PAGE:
Sterilization

(redirected from Sterilizations)
Also found in: Dictionary, Thesaurus, Medical, Financial, Encyclopedia.
Related to Sterilizations: sterilise, surgical sterilization

Sterilization

A medical procedure where the reproductive organs are removed or rendered ineffective.

Legally mandated sterilization of criminals, or other members of society deemed "socially undesirable," has for some time been considered a stain on the history of U.S. law. The practice, also known as eugenics, originated early in the twentieth century. In 1914, a Model Eugenical Sterilization Law was published by Harry Laughlin at the Eugenics Records Office. Laughlin proposed the sterilization of "socially inadequate" persons, which translated as anyone "maintained wholly or in part by public expense." This would include the "feebleminded, insane, blind, deaf, orphans, and the homeless." At the time the model law was published, 12 states had enacted sterilization laws. Such laws were seen to benefit society since they presumably reduced the burden on taxpayers of maintaining state-run facilities. Eventually, these laws were challenged in court.

In Buck v. Bell, 274 U.S. 200 (1927), oliver wendell holmes jr. wrote the infamous opinion that upheld the constitutionality of a Virginia sterilization law, fueling subsequent legislative efforts to enact additional sterilization laws. By 1930, 30 states and Puerto Rico had passed laws mandating sterilization for many criminal or moral offenses. Nearly all of the states with such laws imposed mandatory sterilization of mentally defective citizens. Nineteen states required sterilization for parents of children likely to experience various disorders. Six states encouraged sterilization for individuals whose children might be "socially inadequate."

Finally, the Supreme Court struck down an Oklahoma law mandating involuntary sterilization for repeat criminals in Skinner v. Oklahoma, 316 U.S. 535, 62 S. Ct. 1110, 86 L. Ed. 1655 (1942). Justice william o. douglas's opinion broadly defined the right to privacy to include the right to procreate, and concluded that the government's power to sterilize interfered with an individual's basic liberties.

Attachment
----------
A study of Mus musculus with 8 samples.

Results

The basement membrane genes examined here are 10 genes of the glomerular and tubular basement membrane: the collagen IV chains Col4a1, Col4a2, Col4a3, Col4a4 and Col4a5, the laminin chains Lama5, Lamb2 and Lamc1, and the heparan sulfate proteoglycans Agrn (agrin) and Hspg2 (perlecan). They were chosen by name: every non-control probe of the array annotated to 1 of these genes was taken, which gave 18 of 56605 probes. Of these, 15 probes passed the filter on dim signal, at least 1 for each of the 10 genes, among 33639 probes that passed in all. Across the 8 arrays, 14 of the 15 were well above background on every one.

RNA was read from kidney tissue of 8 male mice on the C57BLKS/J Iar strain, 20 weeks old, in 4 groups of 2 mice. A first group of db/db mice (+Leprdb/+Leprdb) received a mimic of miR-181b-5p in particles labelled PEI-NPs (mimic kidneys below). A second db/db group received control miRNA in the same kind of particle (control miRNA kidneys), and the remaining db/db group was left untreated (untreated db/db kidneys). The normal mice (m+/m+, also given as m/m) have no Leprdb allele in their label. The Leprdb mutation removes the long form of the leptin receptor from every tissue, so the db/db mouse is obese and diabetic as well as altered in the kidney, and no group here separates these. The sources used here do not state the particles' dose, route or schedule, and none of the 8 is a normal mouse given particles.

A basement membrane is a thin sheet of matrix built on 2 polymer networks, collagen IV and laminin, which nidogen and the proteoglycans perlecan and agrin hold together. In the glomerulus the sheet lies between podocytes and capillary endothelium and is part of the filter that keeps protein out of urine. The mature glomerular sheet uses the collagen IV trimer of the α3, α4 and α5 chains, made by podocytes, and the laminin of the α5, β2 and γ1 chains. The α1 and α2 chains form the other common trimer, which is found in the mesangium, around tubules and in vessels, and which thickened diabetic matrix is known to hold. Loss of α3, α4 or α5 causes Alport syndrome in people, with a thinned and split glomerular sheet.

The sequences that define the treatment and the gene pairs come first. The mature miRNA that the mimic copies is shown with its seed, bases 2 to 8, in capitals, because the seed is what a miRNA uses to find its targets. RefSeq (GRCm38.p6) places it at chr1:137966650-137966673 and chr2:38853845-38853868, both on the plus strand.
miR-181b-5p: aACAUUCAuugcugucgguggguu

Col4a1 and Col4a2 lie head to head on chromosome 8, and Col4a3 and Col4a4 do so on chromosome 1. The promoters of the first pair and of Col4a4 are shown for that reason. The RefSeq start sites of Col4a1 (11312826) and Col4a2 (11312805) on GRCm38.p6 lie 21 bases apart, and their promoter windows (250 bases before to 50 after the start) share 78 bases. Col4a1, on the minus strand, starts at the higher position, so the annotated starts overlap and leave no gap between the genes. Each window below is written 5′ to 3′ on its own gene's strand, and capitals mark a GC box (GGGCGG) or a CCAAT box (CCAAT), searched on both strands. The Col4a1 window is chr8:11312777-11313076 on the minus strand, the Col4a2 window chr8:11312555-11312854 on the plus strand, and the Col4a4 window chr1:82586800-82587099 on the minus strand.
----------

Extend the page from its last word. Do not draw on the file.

By mid-century, legal attitudes had changed, and many state sterilization laws were held to be unconstitutional under the Eighth Amendment prohibiting Cruel and Unusual Punishment.

Further readings

Carlson, Elof Axel. 2001. The Unfit: A History of a Bad Idea. Cold Spring Harbor, N.Y.: Cold Spring Harbor Laboratory Press.

Kevles, Daniel J. 1985. In the Name of Eugenics. New York: Knopf.

Smith, J. David, and K. Ray Nelson. 1999. The Sterilization of Carrie Buck. Far Hills, N.J.: New Horizon Press.

West's Encyclopedia of American Law, edition 2. Copyright 2008 The Gale Group, Inc. All rights reserved.
References in periodicals archive ?
Keywords: surface sterilization, plant seed, silver nanoparticle, Alkanna tinctoria, Pinus nigra.
This book addresses Minnesota's history of sterilization through the lens of public welfare.
Between 1996 and 2000, an estimated 350,000 people 6 mostly impoverished indigenous women living in rural areas 6 underwent forced sterilization under a program introduced by then-President Alberto Fujimori, who is now in prison for human rights abuses.
Sterilization through the ligation of the fallopian tubes is a common form of contraception in the United States.
Logistic regression analyses and Wald tests were used to identify the social and demographic characteristics associated with sterilization regret.
The Alberta legislation was amended in 1937 to enlarge the category of characteristics for which sterilization was appropriate and consent unnecessary.
Shimla, Feb 6(ANI): The Himachal Pradesh government has launched a monkey sterilization drive in Shimla to curb the increasing population of the primate in the city.
Money won't alleviate the emotional toll of sterilization, but it can help survivors get "the right kind of professional counseling and live some semblance of a normal life," says Rep.
The answer is simple: Despite the development and introduction of many new contraceptive methods over the last 15 years, sterilization is the most widely used method in the world, in developing and developed countries alike.
Contraceptive sterilization, either by fallopian tube ligation or vasectomy, is an intrinsic evil, as is an abortion.
As for finding a solution to the population growth problem, there has been an important breakthrough: a nonsurgical sterilization procedure known as quinacrine sterilization (QS), invented by Dr.
Congress and the general public believed that the revised regulations would help protect women from involuntary sterilizations but accusations soon arose that the IHS was sterilizing women without their informed consent and was not following the HEW regulations.